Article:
South Dakota, US
This week, we drove in South Dakota, from west to east, and we will leave for Iowa tomorrow. The driving roads in this state were quite boring, with flat farmland, compared to previous roads in the west, which were mostly on mountains and crossing forests. We only saw a spacial landscape called “Badlands” – an area with a bunch of small and dry hills.
There were fewer cutiepies here. We saw cows and sometimes horses, and rarely saw rabbits or squirrels. Not a lot of things happening in the countryside. Time moves slowly.
Rust blockchain projects
I read some Rust blockchain projects this week,
- sc-delegation-rs user-fund-storage: exactly the same logic as Solidity contracts.
- sc-examples-rs “Smart contract examples for Elrond’s Arwen VM.”
- Core contracts
- Near EVM I was surprised to see James is the main contributor of EVM.
Rust library for writing NEAR smart contracts.
Previously known as
- Ink. The readme file says it is still work-in-progress and suggests better not to try.
- snarkOS. “A Decentralized Operating System for Private Applications.”
- The Leo Programming Language I have good impressions of Aleo. Their projects have great documentation. The project itself is a ZK blockchain that seems to be worth attention. They even developed their own programming language, Leo.
I chose to run NEAR and started with its EVM. The EVM repo seems to keep updating, and some of the documented command lines no longer worked. I asked questions in their Discord channel and got replies fast, even though I didn’t get the exact right answer. Anyway, I ran EVM successfully and sent a PR.
NEAR gives simple smart contract examples:
I created a NEAR testnet account, then created some contracts’ accounts, built and deployed smart contracts on the testnet, called a contract successfully, and finished the first round test run. The experience with NEAR so far was pretty good.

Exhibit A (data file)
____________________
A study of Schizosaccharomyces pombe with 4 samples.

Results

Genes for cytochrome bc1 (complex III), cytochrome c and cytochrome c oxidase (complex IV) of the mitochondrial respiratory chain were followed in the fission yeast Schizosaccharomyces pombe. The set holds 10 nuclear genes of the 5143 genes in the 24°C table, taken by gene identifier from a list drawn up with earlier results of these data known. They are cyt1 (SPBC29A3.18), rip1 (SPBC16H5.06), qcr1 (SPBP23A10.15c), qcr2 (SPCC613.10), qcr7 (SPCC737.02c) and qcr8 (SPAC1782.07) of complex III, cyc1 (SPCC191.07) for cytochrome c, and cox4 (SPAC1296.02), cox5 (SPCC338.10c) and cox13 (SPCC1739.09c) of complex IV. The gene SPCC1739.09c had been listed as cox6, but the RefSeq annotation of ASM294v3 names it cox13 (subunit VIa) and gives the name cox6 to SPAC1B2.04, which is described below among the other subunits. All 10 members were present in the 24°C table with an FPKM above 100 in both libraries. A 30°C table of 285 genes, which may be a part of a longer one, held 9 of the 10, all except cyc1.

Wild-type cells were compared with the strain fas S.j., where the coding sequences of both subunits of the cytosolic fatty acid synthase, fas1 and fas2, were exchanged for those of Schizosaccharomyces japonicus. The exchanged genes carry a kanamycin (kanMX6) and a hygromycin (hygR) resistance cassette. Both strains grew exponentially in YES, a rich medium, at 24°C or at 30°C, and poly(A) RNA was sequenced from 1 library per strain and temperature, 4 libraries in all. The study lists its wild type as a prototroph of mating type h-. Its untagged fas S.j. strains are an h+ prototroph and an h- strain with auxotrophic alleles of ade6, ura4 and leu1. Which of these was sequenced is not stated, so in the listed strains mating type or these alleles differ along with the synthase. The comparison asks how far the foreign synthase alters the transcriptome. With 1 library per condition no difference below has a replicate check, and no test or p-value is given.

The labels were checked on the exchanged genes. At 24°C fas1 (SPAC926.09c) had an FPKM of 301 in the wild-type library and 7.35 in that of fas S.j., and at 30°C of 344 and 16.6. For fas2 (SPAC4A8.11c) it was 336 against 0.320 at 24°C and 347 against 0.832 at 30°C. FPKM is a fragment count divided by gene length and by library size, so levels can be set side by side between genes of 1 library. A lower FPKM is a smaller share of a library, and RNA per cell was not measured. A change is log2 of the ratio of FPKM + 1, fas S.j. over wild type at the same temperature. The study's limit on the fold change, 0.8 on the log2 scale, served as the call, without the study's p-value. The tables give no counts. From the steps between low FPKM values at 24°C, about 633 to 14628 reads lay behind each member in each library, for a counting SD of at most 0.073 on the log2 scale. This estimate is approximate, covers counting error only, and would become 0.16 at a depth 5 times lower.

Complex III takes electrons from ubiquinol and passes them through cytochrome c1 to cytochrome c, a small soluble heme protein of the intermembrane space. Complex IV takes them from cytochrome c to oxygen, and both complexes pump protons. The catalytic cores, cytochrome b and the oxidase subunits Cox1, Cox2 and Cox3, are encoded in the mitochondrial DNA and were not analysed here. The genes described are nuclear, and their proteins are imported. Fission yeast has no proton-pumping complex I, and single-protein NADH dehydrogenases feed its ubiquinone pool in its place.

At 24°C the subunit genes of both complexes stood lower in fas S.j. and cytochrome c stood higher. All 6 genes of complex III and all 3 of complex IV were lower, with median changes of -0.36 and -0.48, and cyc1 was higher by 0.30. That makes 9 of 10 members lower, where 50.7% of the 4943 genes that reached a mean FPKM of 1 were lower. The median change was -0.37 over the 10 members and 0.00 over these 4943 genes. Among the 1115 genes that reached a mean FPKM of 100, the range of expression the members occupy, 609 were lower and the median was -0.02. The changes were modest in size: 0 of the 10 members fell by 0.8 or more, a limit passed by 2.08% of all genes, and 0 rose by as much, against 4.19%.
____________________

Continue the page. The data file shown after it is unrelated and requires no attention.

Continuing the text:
I like that the development guidelines are so clear that I wasn’t confused for a second. NEAR also has a lot of documentation, workshop tutorials, and Whiteboard Series with NEAR, a series of knowledge-expanding videos.
Unlike building on Ethereum with Solidity, I feel I learned things by reading how to build on NEAR.
In NEAR’s documentation, they cited Rust programming documentation in detail about how to properly deal with error handling: improving-error-handling-and-modularity.html#separation-of-concerns-for-binary-projects.
It’s a great way to start with programming smart contracts in Rust. I think programming isn’t about writing code. It’s about learning rules to behave appropriately in the code world.
Life in the countryside
The daily life in the countryside was as boring as peaceful. We were only around plants and animals (mostly bugs and flies this week). Mobile signals and internet networks were terrible, and we hardly enjoyed it.
It was still hot in South Dakota. We went out hiking or walking in the early mornings and stayed at home for the rest of the days.
Given the world is still in the pandemic, we choose to stay far away from people as possible as we can. When we started our road trip, we mostly decided to live outside of cities and stay in small towns with tiny populations.
The good thing is, nothing is in short supply. Even being far away from cities, we keep having enough fresh food, drinking alcohol and rubbing alcohol.